In recent years, project based learning has become an important instructional approach because it includes many components that are believed to promote learning. These include:
Interdisciplinary: Interdisciplinary studies combine two or more academic subject areas. Projects are interdisciplinary because they combine knowledge and skills from multiple subject areas such as language arts, mathematics, science, geography, history, visual arts, and social studies. This is also called a cross-curricular approach.
Collaboration: Collaboration is a process where two or more people work together to reach a common goal. Projects often require collaboration between the student and teacher or the student and their peers. Students work with others to generate an idea, plan the process, manage the timeline, organize ideas, create the original work, and share the results. Cooperative learning emphasizes team building and communication skills. Collaborative group work is often used in project based learning.
Inquiry: Inquiry is the search for knowledge or truth by asking questions, examining facts, and synthesizing the information. Projects often include an investigation into a problem to discover viable solutions with the search guided by a series of questions.
Motivational: Motivation is the incentive to act. Projects are often motivational to students because they are personally meaningful. During a project, students are actively engaged in the learning process, by selecting a topic of personal interest, picking the type of finished product, or contributing to the assessment of completed work. This encourages them to become involved in learning.
Self Directed Learning: Self directed learning occurs when the student is able to independently undertake a task and make judgments without the direction of a teacher. During a project, the teacher often assumes the role of a facilitator. The teacher will help students gain an understanding of the assignment including the learning objectives, timeline, and criteria. Afterwards the students, within the given framework, will select a topic of interest, plan and organize their ideas, and carry out the assignment with the teacher guiding the process.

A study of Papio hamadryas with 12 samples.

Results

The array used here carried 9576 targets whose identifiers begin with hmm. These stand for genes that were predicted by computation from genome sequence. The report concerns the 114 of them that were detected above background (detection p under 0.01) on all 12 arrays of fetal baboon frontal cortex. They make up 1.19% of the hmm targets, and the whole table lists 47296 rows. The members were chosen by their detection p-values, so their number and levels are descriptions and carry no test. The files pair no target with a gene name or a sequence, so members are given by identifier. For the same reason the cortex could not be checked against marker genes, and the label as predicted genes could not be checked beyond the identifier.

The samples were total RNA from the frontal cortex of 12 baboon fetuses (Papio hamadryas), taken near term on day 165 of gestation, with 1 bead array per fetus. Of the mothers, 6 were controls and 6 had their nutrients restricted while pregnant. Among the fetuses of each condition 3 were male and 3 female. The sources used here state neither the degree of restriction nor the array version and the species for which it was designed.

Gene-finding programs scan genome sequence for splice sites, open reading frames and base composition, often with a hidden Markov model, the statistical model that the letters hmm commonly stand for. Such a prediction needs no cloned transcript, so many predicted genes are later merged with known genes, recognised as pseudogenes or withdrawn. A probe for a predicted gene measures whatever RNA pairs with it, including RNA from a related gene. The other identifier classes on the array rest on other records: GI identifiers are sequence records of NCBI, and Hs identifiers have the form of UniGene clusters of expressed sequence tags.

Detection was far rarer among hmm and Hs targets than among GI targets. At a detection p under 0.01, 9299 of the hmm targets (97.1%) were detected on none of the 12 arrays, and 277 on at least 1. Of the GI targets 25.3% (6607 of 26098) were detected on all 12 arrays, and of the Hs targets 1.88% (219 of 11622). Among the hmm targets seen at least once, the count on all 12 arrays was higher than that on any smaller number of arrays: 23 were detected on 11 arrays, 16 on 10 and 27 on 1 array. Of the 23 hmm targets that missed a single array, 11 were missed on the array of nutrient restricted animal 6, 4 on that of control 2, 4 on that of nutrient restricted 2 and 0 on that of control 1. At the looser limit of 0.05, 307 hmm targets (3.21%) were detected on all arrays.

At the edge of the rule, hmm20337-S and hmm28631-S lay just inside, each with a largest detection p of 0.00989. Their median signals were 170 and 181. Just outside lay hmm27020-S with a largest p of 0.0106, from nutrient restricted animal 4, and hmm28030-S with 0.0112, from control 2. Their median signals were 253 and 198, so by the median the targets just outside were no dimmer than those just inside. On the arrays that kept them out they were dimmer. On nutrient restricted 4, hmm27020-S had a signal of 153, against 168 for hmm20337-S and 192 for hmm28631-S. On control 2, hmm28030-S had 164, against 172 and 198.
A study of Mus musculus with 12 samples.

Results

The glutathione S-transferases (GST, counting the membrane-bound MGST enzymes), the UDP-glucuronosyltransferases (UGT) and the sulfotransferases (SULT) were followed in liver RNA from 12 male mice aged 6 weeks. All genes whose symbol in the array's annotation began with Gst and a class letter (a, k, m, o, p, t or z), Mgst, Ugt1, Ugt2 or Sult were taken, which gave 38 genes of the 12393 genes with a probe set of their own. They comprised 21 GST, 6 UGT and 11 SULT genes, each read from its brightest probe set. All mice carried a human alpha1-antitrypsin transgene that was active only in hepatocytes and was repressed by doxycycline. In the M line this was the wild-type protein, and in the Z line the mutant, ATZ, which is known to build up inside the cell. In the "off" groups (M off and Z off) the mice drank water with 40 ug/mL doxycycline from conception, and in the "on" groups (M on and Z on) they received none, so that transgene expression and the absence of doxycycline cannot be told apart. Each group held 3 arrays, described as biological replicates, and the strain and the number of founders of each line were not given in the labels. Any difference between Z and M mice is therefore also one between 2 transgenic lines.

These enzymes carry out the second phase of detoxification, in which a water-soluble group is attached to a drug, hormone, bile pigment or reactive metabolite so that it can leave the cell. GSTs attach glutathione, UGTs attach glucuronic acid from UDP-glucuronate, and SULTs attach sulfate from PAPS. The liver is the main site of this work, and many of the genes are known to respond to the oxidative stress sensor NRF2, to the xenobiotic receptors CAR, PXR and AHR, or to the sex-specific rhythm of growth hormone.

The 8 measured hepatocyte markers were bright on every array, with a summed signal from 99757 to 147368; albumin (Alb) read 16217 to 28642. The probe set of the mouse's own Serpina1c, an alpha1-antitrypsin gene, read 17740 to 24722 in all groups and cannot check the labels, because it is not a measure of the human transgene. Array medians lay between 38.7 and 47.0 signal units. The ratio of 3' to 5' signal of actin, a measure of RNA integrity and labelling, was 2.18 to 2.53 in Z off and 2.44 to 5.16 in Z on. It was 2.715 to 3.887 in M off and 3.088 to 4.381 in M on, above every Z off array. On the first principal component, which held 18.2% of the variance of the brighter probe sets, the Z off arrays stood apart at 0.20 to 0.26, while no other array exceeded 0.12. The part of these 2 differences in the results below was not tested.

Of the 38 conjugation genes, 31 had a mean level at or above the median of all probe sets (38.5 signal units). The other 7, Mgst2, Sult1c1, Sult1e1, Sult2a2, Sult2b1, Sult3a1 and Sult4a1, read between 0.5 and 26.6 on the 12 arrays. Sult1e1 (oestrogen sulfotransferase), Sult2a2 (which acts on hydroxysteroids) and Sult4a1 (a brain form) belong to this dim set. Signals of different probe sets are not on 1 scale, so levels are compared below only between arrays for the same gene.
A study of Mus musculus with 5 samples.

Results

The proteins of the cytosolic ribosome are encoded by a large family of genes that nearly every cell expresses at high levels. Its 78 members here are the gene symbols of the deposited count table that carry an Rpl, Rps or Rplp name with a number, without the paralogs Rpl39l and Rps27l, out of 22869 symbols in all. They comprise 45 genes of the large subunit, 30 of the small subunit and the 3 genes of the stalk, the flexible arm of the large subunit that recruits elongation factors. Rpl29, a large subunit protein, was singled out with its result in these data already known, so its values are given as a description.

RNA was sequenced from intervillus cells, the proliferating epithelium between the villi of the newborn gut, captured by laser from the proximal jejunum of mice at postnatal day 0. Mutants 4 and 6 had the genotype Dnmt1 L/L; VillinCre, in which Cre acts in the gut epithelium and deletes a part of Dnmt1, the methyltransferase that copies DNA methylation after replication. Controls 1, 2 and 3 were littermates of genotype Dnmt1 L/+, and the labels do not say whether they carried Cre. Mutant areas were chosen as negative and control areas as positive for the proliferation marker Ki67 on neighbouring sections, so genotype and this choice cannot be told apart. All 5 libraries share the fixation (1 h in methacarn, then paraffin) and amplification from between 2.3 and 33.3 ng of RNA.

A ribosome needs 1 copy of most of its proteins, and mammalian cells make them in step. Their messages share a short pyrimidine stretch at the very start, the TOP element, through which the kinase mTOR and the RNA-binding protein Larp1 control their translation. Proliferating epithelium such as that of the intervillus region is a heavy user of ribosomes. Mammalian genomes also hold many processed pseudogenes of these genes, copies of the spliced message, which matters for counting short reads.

Learning Style: A learning style is how a person comprehends, expresses, and remembers information to gain knowledge or develop skills. A learning style may be auditory, meaning learning occurs by hearing; visual, meaning learning occurs by seeing; or kinesthetic, meaning learning occurs by doing. Projects allow students to choose learning styles that are the most effective.
Critical Thinking: Critical thinking is the purposeful interpretation, analysis, evaluation, and synthesis of information used to make rational judgments or decisions. Projects often require students to engage in higher-order thinking skills.
Creative Thinking: Creative thinking is the deliberate stimulation of the imagination to generate the creation of original or innovative ideas, insights, processes, solutions, concepts, experiences, or objects. Projects often require students to engage in creative thinking.
Technology Integration:Technology integration is the blending of computer-related learning activities into curriculum to have students acquire, organize, demonstrate, and communicate information. Projects offer an opportunity to integrate the use of technology.